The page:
FAQ

What is The Issue?

It sounds bad, but does this issue really affect me?

Yes. Sexual violence impacts all communities. Statistics show that one in three girls and one in six boys are assaulted before the age of 18 in Calgary; chances are you know someone who has been affected either directly or indirectly (Bagley, Wood & Young, 1991).

The repercussions of sexual violence are intense and far-reaching. Often, it negatively impacts our interactions with each other. Families and relationships are ravaged and survivors often feel ashamed & scared. Sexual violence is difficult to talk about —our communities tend to be silent about the issue, but this only reinforces its potency. We take precautions to ensure it doesn’t happen to us based on what we’ve read or heard, we internalize messages about sexuality and gender roles, we may even begin to develop negative attitudes toward sex.

No one wants to talk about it. Why should we?

It’s not surprising that people don’t want to talk about the issue of sexual violence. The stigma surrounding this issue often makes people want to pretend it doesn’t exist; that somehow, the idea is so awful or difficult to understand, it cannot even be explored. However, myths and misinformation about sexual violence thrive when not examined under the light. They create ideas and beliefs that contribute to an environment where survivors feel ashamed & guilty or even responsible for their own attack, where they feel utterly alone, unsafe, and cut off from the rest of society; where they may not even know how to access the resources or help they need. We need to talk about the issues, so we can start challenging these negative beliefs that keep sexual violence in the dark.

Negative beliefs also reinforce the idea that the survivor plays a role in his or her own abuse which shifts the blame from the perpetrator back onto the survivor. Since we know that feelings of entitlement lead to acts of sexual violence, we need to be willing to openly challenge & discuss these kinds of ideas when we hear them.

So why does this happen? What attitudes fuel sexual violence?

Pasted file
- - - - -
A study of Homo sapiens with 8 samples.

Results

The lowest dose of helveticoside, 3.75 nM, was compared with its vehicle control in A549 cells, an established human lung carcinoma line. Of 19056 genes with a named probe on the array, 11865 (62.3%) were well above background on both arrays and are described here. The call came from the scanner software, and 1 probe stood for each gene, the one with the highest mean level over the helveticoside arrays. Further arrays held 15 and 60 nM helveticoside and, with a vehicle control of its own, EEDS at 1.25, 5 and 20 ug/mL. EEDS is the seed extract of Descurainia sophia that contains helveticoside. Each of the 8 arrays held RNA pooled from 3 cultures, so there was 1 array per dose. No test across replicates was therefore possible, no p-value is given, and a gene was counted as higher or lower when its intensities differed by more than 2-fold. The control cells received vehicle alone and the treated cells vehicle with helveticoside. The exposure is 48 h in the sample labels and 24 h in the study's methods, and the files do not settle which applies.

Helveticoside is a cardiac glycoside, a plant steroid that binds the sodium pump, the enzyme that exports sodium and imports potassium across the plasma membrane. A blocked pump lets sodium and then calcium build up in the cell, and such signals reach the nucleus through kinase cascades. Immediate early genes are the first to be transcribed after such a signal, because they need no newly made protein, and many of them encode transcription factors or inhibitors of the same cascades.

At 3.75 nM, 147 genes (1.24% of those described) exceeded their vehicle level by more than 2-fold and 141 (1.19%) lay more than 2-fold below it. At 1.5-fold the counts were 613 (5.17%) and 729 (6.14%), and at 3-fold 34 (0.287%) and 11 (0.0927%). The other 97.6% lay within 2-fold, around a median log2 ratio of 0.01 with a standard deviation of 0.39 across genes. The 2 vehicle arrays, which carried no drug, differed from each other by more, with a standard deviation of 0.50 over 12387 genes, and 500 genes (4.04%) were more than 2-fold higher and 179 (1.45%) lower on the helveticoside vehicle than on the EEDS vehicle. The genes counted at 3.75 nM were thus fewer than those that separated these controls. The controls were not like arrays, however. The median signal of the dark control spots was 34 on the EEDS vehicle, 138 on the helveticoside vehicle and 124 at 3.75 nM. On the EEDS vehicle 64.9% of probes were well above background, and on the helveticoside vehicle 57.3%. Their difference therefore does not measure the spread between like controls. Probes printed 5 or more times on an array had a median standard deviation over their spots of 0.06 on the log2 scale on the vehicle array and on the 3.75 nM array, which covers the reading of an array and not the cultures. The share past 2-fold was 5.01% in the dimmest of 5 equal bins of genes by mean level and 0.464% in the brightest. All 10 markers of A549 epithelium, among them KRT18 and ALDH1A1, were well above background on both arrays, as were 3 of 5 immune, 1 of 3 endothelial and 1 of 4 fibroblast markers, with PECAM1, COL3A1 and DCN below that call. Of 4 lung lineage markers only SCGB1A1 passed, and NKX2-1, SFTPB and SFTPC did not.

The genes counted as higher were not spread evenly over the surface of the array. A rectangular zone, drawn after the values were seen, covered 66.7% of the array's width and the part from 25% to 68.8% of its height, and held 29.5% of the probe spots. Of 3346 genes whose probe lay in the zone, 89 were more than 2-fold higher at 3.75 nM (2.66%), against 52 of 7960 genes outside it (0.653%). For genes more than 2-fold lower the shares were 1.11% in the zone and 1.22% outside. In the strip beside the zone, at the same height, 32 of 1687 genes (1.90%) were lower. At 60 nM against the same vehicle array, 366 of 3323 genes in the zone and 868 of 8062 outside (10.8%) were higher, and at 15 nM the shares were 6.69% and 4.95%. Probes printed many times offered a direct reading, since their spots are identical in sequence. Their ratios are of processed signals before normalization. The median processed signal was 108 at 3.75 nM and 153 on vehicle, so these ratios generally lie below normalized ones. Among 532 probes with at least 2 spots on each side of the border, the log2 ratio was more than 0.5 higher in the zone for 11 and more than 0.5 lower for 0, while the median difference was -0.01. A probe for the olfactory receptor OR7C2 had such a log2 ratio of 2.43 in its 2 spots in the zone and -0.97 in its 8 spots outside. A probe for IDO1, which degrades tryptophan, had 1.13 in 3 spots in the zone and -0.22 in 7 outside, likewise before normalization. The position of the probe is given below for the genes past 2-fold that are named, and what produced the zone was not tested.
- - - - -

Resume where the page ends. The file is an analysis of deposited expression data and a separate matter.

Sexism, racism, ageism, homophobia, ablelism, heterosexism… The list goes on. These beliefs dehumanize people by reducing individuals to objects or stereotypes. When people are stripped of their personhood, the severity of violence against them is minimized —in the mind of the offender and in the minds of those who hold the same beliefs. Offenders who feel they are entitled to harm somebody, do it because they don’t see the people they choose to hurt as equals, or worthy of being treated with dignity & respect.

Not everyone who holds beliefs that support inequality or prejudice will sexually assault somebody. However, sexual violence is a community issue and we must all take responsibility for the types of attitudes and ideas we put out there or allow to go unchallenged. Check out the Violence Pyramid for more information about how harmful attitudes aggravate sexual violence.

I want it to stop! What can I do to help change people’s attitudes about sexual violence?

It begins with recognizing that “humour” that relies on prejudiced stereotypes & rape jokes are harmful, not funny. That means those ‘blond jokes’ you thought were harmless, are actually doing some major damage and reinforcing sexual violence myths! A recent study completed at Western Carolina University determined that sexist humour can reinforce hostility & discrimination against women.

Take responsibility for your own language and, if you are able to, the language of your friends & peers. If you see films, TV, or ads that condone or make light of sexual violence, call them out. Talk about them with your friends; start a conversation.